House Homeland Security Committee Chairman Michael McCaulMichael Thomas McCaulOvernight Defense & National Security — Presented by AM General — The Quad confab Top Foreign Affairs Republican seeks declassification of Afghan intel House passes bill to compensate 'Havana syndrome' victims MORE (R-Texas) says his cyber information sharing bill has an 80 percent chance of becoming law during Congress’s lame-duck session.
“It might be the one bill that passes this Congress and gets signed into law,” he said Tuesday at a Bloomberg Government event.
McCaul’s bill, which would allow the Department of Homeland Security (DHS) and private sector to share cyber threat information, has the administration’s backing and passed the House in July. At a Monday briefing, McCaul was told Senate discussions on the bill were going well.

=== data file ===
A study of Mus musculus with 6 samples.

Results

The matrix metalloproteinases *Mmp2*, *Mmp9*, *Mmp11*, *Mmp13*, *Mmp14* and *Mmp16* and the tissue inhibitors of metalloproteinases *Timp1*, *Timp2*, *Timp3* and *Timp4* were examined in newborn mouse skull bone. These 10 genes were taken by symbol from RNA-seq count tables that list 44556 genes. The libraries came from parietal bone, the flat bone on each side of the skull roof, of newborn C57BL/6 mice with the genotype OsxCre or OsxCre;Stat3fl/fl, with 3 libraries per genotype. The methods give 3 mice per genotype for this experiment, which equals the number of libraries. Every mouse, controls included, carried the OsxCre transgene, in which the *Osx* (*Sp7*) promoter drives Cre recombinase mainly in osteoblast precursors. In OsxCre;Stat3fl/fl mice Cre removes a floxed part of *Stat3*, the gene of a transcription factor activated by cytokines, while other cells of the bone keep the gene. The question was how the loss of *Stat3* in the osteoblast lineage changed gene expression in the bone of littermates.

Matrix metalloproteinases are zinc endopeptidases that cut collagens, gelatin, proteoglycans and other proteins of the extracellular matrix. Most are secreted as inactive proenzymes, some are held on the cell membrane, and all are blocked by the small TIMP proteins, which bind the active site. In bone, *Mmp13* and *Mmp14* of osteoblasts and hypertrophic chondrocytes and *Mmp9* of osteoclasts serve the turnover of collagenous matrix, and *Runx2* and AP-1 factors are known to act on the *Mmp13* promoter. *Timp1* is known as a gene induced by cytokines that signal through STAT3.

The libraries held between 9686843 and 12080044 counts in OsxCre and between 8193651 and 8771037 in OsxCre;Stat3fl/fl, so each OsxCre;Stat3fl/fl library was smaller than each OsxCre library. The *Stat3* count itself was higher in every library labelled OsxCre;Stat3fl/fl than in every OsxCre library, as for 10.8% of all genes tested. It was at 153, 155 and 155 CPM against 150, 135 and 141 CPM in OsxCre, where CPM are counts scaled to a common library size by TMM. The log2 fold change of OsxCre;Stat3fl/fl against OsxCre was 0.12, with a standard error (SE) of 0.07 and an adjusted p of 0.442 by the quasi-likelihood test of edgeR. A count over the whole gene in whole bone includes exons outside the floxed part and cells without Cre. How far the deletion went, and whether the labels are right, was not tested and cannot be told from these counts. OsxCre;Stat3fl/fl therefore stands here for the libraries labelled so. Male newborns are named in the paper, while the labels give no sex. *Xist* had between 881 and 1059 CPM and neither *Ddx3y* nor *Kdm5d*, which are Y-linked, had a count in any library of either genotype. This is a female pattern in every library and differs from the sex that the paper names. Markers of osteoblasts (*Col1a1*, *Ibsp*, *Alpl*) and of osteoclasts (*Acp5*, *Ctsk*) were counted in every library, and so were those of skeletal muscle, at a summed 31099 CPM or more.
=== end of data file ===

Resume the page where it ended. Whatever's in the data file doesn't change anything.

“It is so important to our national security on so many levels,” he said. “Eighty to 85 percent of the threat information is in the private sector.”
McCaul’s high hopes for the bill don’t necessarily bode well for more controversial legislation approved by the House in April.
The Cyber Intelligence Sharing and Protection Act (CISPA) would facilitate cyber threat information sharing between the private sector and the National Security Agency (NSA).
“I don’t know what the fate of CISPA’s going to be,” McCaul said. “DHS is not a military organization like NSA, it is a civilian entity.” That difference made it easier to “garner so much support not only from industry, but from privacy groups” for his bill.
McCaul also praised DHS for a significant turnaround in the last year, particularly on cyber.
Jeh Johnson replaced Janet Napolitano as DHS secretary in December 2013.
He worked “in very short order” to fill agency vacancies and heighten attention to cybersecurity, McCaul said.
“I think if anything, morale has improved under his leadership. I give him high marks I would not have given his predecessor,” he said.